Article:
Credit:  The Independent, www.independent.co.uk 11 May 2012 ~~

Terence Blacker’s experiences and complaints are echoed throughout many other rural communities whose lives have been blighted, or are under threat, from the erection of wind turbines (“The public has bought the myths of the vast wind energy industry”, 1 May).

Local people around here are fighting a planning application to build four 125m-tall wind turbines (bigger than the London Eye) less than a mile from the rural hamlet of Hollingdon and the villages of Soulbury and Stoke Hammond in Buckinghamshire. As with Mr Blacker’s experience, there has been absolutely no consultation by the developer with residents and the apparent arrogance of these energy firms towards the local population simply beggars belief.

We have also had a group calling themselves Yes2Wind suddenly appear with their stall in our high streets. Their stall has an amateur look and feel to it, but is showcased by a well-thought-out and designed banner with a logo covered in green flashes and lettering, seemingly cleverly designed to give the appearance they are an independent green group.

However, Yes2Wind are not a green group by any stretch of the imagination, as they are owned and run by company called Pendragon PR, which in turn has been directly employed by the large energy companies to go around the country and gather support for their planning applications.

The Yes2Wind people manning their stall don’t admit this unless challenged, or indeed have it written anywhere on their literature or documentation, that they are being directly employed and paid by the developer to gather signatures. Mr Blacker is right; the process is skewed from the start, with energy companies employing every underhand tactic they can come up with. But what disturbs me more than anything is the way local democracy from the parish councils upwards can overwhelmingly oppose such applications, often with very valid reasons, yet our democracy is then steamrollered by a planning inspector, leaving little, if any, right to appeal.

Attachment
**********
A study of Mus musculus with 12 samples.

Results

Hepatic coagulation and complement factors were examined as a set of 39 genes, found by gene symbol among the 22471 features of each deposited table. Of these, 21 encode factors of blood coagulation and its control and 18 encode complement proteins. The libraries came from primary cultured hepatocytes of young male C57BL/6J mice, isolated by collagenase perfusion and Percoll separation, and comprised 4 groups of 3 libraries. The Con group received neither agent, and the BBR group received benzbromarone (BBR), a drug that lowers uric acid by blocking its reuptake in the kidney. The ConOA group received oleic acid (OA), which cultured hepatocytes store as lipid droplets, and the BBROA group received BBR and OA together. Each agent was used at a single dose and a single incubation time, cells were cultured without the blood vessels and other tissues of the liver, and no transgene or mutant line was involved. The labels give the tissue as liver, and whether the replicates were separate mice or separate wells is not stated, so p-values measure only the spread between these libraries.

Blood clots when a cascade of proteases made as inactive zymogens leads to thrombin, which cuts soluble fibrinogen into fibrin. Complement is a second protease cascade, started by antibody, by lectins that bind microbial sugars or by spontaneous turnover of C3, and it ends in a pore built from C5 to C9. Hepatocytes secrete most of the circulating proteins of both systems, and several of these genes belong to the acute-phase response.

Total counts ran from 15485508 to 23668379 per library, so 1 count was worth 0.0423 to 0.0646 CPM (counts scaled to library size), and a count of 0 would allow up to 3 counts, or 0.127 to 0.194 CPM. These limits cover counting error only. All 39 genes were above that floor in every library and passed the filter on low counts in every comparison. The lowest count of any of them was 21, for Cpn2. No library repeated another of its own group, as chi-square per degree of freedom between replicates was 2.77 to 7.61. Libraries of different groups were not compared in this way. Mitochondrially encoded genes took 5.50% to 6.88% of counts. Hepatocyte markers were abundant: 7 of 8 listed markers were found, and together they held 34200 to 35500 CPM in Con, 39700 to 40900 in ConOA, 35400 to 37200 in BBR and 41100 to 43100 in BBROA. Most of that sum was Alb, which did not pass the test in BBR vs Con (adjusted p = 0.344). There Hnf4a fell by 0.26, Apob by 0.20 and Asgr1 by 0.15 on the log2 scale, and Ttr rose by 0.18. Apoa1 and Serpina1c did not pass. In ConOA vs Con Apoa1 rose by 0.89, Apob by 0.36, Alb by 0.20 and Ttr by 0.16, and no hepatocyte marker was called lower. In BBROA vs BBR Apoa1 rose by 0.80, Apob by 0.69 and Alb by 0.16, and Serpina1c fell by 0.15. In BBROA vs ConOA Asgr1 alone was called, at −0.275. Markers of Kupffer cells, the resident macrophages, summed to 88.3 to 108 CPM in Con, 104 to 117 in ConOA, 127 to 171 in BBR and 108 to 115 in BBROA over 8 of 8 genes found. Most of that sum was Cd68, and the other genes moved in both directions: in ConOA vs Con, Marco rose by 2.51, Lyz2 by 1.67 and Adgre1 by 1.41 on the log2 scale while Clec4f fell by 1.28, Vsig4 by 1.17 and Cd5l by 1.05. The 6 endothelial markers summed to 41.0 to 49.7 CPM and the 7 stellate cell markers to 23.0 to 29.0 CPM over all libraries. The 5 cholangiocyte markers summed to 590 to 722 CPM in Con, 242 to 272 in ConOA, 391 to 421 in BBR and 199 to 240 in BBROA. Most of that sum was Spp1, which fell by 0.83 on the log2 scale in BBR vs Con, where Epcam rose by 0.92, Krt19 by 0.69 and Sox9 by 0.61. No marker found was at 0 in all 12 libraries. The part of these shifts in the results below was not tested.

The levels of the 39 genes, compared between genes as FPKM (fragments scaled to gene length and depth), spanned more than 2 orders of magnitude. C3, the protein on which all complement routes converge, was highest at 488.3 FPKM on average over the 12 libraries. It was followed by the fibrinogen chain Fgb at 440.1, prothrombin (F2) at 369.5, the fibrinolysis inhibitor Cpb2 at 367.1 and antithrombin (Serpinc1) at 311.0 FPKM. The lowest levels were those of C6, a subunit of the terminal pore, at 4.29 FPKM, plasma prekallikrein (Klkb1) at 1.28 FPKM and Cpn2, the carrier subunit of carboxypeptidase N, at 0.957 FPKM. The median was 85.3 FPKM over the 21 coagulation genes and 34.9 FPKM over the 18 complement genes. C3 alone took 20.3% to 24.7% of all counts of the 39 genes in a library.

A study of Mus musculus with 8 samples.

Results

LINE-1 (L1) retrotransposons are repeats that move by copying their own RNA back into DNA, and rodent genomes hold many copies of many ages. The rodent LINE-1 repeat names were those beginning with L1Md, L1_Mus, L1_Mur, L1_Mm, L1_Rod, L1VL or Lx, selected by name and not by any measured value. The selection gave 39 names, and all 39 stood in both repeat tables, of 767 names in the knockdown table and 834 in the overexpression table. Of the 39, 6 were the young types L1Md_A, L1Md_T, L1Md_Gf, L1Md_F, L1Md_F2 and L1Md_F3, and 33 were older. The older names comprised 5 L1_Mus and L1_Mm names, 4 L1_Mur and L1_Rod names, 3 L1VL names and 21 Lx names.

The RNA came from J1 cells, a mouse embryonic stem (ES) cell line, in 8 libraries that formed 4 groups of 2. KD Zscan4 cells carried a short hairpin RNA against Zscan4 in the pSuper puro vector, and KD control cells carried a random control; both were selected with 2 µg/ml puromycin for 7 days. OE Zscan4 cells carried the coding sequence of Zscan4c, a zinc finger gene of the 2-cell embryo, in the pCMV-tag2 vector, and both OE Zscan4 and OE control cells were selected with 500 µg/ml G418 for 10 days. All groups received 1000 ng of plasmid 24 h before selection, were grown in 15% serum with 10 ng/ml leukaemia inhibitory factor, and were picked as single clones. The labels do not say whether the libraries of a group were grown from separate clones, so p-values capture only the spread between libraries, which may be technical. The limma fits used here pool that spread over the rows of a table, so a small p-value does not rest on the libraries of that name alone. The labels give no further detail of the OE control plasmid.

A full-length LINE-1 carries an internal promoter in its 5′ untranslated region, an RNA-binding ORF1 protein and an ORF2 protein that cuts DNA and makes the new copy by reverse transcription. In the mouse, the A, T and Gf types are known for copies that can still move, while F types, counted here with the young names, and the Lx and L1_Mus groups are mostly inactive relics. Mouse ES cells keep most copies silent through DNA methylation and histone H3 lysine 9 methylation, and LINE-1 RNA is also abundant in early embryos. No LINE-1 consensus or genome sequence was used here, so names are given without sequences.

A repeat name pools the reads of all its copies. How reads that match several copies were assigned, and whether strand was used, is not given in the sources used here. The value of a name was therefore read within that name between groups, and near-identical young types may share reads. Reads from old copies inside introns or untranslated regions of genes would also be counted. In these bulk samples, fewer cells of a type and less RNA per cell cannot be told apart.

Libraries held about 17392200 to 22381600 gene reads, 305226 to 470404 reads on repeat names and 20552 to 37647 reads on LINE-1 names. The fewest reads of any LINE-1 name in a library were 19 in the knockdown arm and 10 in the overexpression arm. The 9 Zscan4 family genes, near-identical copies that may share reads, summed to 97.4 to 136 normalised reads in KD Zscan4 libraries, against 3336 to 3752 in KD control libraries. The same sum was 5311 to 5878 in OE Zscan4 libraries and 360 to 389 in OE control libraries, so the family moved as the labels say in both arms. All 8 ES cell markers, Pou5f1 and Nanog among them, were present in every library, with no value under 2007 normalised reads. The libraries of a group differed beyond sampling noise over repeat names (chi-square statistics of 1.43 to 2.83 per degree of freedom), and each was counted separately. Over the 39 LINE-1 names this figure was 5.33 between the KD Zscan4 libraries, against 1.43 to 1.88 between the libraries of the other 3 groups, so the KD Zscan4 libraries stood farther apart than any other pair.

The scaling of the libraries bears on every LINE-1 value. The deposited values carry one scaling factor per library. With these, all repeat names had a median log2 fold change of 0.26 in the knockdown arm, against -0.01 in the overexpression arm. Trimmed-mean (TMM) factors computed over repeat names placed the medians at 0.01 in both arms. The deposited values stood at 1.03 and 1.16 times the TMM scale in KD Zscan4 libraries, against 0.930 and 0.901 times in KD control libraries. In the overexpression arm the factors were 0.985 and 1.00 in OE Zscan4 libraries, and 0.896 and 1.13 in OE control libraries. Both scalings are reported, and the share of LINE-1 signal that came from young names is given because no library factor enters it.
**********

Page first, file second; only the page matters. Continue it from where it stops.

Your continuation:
Michael W Cook

Soulbury, Buckinghamshire

Source:  The Independent, www.independent.co.uk 11 May 2012

This article is the work of the source indicated. Any opinions expressed in it are not necessarily those of National Wind Watch.

The copyright of this article resides with the author or publisher indicated. As part of its noncommercial educational effort to present the environmental, social, scientific, and economic issues of large-scale wind power development to a global audience seeking such information, National Wind Watch endeavors to observe “fair use” as provided for in section 107 of U.S. Copyright Law and similar “fair dealing” provisions of the copyright laws of other nations. Send requests to excerpt, general inquiries, and comments via e-mail.